FOR a band that has been around since 2015, Golden Mammoth has not received their due recognition, at least not beyond the indie grapevine.
However, thriving in the musical underground, the band has built a cult following.
Formed by singer-songwriter Syabil Alyahya, Golden Mammoth spent its early years as a one-man band, experimenting with the direction and sound that would be formative to what the band has inevitably become.
“Golden Mammoth dabbles with a lot of genres, but our main focus is to play rock music,’’ said the multi-instrumentalist.
“We often try to fuse it with jazz, funk, grooves and some pop melody. It’s hard to say, but mainly it’s psychedelic rock.”
The former architecture student, who currently runs an F&B business, is used to juggling different things and admits that he does not like sticking to one genre.
“I think having that freedom makes it easier to approach our songwriting.”
After the band’s debut EP Malavita, Syabil looked towards live performances and tightening up what he saw as “shortcomings”.
Although he could carry the act on his own, he “recruited band members to back me up to play live”.
“I can’t carry all the songs alone,” he said.
“The first member I decided to invite permanently was the drummer, because I realised that my drumming was not that good. In every record, the drummer has to be consistent and very tight.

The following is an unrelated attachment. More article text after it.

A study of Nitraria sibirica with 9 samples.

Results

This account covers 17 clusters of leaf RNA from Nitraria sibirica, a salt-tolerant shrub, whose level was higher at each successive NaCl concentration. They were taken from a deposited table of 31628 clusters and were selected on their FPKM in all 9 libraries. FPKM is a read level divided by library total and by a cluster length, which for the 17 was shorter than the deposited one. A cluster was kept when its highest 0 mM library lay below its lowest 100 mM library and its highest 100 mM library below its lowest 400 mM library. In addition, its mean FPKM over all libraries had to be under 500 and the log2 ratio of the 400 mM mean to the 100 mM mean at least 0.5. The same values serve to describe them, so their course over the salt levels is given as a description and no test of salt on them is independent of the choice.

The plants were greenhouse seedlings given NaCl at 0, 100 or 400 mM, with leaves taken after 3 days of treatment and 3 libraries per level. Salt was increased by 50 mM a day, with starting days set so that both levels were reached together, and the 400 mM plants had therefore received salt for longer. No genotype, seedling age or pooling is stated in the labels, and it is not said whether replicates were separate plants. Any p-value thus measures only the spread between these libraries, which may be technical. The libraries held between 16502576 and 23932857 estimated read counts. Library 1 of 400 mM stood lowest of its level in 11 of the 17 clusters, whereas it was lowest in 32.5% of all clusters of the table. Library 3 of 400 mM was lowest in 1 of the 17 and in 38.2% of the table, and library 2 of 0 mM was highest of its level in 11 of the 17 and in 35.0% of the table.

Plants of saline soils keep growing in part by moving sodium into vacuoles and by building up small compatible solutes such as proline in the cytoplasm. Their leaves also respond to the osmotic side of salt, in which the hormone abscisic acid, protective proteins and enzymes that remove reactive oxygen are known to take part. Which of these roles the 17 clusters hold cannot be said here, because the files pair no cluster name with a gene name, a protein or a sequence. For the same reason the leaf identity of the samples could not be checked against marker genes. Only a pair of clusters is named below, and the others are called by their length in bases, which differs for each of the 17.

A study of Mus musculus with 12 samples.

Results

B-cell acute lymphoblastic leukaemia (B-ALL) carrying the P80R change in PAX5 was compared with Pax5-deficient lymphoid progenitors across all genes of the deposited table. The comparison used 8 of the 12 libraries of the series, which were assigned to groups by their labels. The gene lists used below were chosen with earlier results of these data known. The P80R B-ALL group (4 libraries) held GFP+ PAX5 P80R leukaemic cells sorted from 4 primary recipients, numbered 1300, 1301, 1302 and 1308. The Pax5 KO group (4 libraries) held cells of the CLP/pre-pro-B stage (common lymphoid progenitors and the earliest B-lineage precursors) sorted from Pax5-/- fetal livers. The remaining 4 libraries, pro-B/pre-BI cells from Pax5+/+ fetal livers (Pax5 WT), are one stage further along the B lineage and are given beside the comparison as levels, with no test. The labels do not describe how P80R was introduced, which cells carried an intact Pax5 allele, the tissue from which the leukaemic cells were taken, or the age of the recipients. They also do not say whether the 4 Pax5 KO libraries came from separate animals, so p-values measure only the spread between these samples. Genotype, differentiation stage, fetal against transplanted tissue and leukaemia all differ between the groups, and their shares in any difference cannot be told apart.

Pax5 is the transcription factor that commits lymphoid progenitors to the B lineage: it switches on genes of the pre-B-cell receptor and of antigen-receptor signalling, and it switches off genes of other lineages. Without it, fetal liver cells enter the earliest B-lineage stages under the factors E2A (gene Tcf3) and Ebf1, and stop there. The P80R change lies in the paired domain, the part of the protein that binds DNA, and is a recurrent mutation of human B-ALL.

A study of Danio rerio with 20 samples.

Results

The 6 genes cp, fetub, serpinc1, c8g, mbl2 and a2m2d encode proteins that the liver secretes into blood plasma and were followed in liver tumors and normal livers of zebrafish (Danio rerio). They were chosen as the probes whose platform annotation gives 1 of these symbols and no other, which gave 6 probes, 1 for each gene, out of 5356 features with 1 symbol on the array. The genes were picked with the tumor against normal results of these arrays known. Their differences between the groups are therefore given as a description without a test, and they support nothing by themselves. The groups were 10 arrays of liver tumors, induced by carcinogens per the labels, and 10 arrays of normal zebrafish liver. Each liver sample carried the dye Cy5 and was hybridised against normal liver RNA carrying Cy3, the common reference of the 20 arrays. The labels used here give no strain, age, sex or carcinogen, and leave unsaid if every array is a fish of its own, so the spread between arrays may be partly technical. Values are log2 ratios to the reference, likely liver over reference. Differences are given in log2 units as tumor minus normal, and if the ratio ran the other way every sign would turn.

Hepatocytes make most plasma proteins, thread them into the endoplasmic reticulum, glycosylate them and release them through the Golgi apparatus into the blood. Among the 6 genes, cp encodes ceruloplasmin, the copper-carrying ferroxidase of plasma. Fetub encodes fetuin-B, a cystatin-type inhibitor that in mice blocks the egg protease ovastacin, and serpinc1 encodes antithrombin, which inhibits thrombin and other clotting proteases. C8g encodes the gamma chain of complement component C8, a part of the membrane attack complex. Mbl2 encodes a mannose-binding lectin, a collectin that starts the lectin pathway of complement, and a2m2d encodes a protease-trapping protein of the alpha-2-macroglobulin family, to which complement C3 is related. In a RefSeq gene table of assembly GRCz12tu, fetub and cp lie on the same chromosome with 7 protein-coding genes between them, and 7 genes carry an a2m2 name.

“I met Que, and decided to invite him to play drums for me.”
Over the years, Golden Mammoth’s line-up (except Syabil and Que) has changed several times. Currently, the others are bassist Hadeef, rhythm guitarist Hao and keyboardist Ojay.
Although members were initially brought on as session musicians, some became mainstays of Golden Mammoth, eventually contributing to the songwriting.
“As time went on, I wanted them to collaborate with me. In the latest release, all of us wrote it together.”
In the present
Referring to the name of the band, Syabil said: “It’s a combination of two names.”
A friend had proposed something about the Golden Triangle. Syabil expanded on the idea and in line with the direction he wanted to take the band, he added “Mammoth”.
“When I started songwriting, most of the songs were very large-sounding due to the layers, tracks and instruments. I like to make it sound large, as if a mammoth is walking, with a track playing right behind the scene”.
Recently, Golden Mammoth became known for the aesthetic it adopted for the release of second album, Skyscraper Toward the Sun early last year.
The audaciously intricate robe worn by Syabil, and the glaring yellow robes worn by the band, made a striking image.
“That was actually our customised robes that we wanted to conceptualise for (Skyscraper), which was written about a bunch of beliefs from cults. We try to portray that cult feeling, but it’s all just a joke. Nothing serious about it,” Syabil said.
The frontman explained that all five Golden Mammoth members were supposed to wear robes in the same colour, including him.
On the day of the photoshoot, they found out the tailor only made four.
“I asked my tailor where the other robe was. He said there wasn’t enough material to produce the fifth. It was an emergency, so I went to my manager’s house and found her graduation robe. I ended up wearing that. It turned out to be quite conceptual,” Syabil said with a laugh.
Currently, the band is on a break from performing due to the pandemic.